More and more people are committing tenancy fraud and it’s having a massive impact on the industry
As a lettings agency, you probably know already that tenancy fraud has been on the up since 2019.
This trend was impacted by the Tenant Fee Act 2019, a regulation which states that lettings agencies can no longer charge tenants certain fees to rent. So, individuals can now make fraudulent applications to rent properties with minimal risk, because they are unlikely to lose out financially if they are rejected.
On top of this, the coronavirus pandemic led to a further increase in fraud, with many UK citizens and residents finding themselves in challenging financial positions. At Homeppl we’ve seen tenancy fraud increase by 71% between the second half of 2020 and the first half of 2021.
Even with the end of lockdown and restrictions, it’s likely that this trend will continue for some time due to the long-term economic impact of Covid-19.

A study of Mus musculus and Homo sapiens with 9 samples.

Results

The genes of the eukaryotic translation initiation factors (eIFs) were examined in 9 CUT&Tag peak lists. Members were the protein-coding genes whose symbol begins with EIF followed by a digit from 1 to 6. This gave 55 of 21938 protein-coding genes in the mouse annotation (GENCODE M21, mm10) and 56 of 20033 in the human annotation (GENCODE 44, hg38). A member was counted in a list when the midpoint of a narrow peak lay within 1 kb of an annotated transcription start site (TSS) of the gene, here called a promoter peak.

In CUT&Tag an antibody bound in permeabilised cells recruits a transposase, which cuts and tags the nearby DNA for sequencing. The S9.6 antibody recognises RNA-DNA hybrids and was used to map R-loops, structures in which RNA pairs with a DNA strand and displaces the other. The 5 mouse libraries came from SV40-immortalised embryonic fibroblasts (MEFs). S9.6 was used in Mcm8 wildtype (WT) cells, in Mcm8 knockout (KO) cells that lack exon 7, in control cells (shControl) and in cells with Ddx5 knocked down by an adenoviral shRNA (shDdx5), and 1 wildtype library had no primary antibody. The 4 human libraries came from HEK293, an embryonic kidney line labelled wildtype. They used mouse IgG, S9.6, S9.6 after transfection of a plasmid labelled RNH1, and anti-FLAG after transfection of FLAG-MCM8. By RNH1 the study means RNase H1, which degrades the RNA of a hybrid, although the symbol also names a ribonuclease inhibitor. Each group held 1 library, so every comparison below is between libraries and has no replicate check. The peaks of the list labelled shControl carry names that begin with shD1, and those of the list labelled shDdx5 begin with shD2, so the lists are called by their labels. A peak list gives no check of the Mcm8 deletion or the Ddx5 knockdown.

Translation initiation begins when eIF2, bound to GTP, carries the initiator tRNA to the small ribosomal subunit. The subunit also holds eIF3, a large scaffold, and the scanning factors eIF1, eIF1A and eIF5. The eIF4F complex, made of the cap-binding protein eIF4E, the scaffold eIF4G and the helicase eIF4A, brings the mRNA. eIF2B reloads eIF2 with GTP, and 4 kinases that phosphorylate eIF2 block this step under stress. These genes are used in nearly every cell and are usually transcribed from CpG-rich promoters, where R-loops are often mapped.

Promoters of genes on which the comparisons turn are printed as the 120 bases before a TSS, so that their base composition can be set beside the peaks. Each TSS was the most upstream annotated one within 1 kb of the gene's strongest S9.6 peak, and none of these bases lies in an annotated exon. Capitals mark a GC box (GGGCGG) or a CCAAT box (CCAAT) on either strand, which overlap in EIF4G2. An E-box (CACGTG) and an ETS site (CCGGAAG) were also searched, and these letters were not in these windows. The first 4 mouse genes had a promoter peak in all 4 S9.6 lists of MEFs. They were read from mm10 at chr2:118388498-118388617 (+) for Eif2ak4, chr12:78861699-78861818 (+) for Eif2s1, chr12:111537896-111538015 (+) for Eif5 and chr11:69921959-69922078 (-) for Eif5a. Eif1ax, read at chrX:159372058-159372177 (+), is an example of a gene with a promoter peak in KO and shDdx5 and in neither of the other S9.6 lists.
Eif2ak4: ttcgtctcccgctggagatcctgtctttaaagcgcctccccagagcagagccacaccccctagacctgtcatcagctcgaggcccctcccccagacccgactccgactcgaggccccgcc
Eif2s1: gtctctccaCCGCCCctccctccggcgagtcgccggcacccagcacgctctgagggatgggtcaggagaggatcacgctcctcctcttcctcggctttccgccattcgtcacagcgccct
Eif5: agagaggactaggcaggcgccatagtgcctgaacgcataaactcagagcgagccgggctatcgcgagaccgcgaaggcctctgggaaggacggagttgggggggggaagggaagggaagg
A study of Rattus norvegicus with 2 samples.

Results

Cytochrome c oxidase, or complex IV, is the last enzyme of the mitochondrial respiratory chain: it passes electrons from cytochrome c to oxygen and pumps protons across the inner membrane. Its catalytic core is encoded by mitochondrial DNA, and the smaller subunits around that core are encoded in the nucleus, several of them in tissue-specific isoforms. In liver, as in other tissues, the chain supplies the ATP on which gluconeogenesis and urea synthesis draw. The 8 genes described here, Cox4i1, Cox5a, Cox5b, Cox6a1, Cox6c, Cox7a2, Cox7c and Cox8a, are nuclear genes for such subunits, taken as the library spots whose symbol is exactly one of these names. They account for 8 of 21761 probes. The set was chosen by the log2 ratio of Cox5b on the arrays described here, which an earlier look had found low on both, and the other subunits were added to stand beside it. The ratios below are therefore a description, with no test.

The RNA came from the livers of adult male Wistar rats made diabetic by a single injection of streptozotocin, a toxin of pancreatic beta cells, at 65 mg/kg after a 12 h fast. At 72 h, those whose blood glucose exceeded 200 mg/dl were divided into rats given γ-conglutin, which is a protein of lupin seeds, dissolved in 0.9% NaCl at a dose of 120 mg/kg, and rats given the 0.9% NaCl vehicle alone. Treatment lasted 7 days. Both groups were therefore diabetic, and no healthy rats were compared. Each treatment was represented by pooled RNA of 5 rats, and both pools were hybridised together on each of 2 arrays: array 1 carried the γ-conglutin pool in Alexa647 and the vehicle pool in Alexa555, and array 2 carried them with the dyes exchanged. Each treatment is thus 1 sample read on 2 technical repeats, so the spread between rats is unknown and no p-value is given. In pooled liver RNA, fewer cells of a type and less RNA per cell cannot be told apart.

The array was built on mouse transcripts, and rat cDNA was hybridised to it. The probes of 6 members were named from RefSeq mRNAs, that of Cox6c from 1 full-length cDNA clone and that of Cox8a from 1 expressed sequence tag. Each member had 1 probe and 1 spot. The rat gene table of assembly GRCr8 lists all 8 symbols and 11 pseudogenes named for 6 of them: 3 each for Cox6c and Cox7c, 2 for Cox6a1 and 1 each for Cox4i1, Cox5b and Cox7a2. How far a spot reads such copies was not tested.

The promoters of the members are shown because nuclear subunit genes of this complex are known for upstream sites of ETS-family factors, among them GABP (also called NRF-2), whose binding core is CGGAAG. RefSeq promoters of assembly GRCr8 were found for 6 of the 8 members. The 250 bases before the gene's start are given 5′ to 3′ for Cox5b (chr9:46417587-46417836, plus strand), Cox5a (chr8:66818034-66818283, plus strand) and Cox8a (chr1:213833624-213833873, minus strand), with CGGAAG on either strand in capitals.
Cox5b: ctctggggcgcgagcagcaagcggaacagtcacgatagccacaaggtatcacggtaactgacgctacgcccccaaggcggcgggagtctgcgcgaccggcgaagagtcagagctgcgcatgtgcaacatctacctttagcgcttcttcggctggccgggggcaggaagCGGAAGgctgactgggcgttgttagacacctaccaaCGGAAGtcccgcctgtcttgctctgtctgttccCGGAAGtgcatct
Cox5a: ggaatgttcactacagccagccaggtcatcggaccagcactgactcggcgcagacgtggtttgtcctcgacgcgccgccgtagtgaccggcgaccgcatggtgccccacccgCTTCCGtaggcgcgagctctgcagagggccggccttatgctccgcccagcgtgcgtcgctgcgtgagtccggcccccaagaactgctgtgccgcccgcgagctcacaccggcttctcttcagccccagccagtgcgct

We believe that there are three factors currently contributing to increased tenancy fraud:
Many people are simply not making the money they need at the moment, and so are not honest in their tenancy applications.
Softening of eviction regulation.
Scammers are aware that landlords currently have less power to evict fraudulent tenants. Accordingly, many are renting properties with the intention of illegally subletting them to make easy money.
Lack of penalty when caught.
In a worst-case scenario, scammers will lose their holding deposit, but there’s little to de-incentivise them from making further fraudulent applications.
All this has big consequences for landlords…
Many landlords experienced financial difficulties as a result of the pandemic. In fact, 56% of UK landlords reported a loss in rental income in 2020.
However, fraudulent tenants represent an even greater risk during this difficult time. They frequently become non-paying tenants who refuse to move out until the landlord evicts them. And with the resulting legal costs and lost revenue, problem tenants like these cost landlords an average of £30,000.
So, how do you stop tenancy fraud? Well, download our Tenancy Fraud Guide to find out.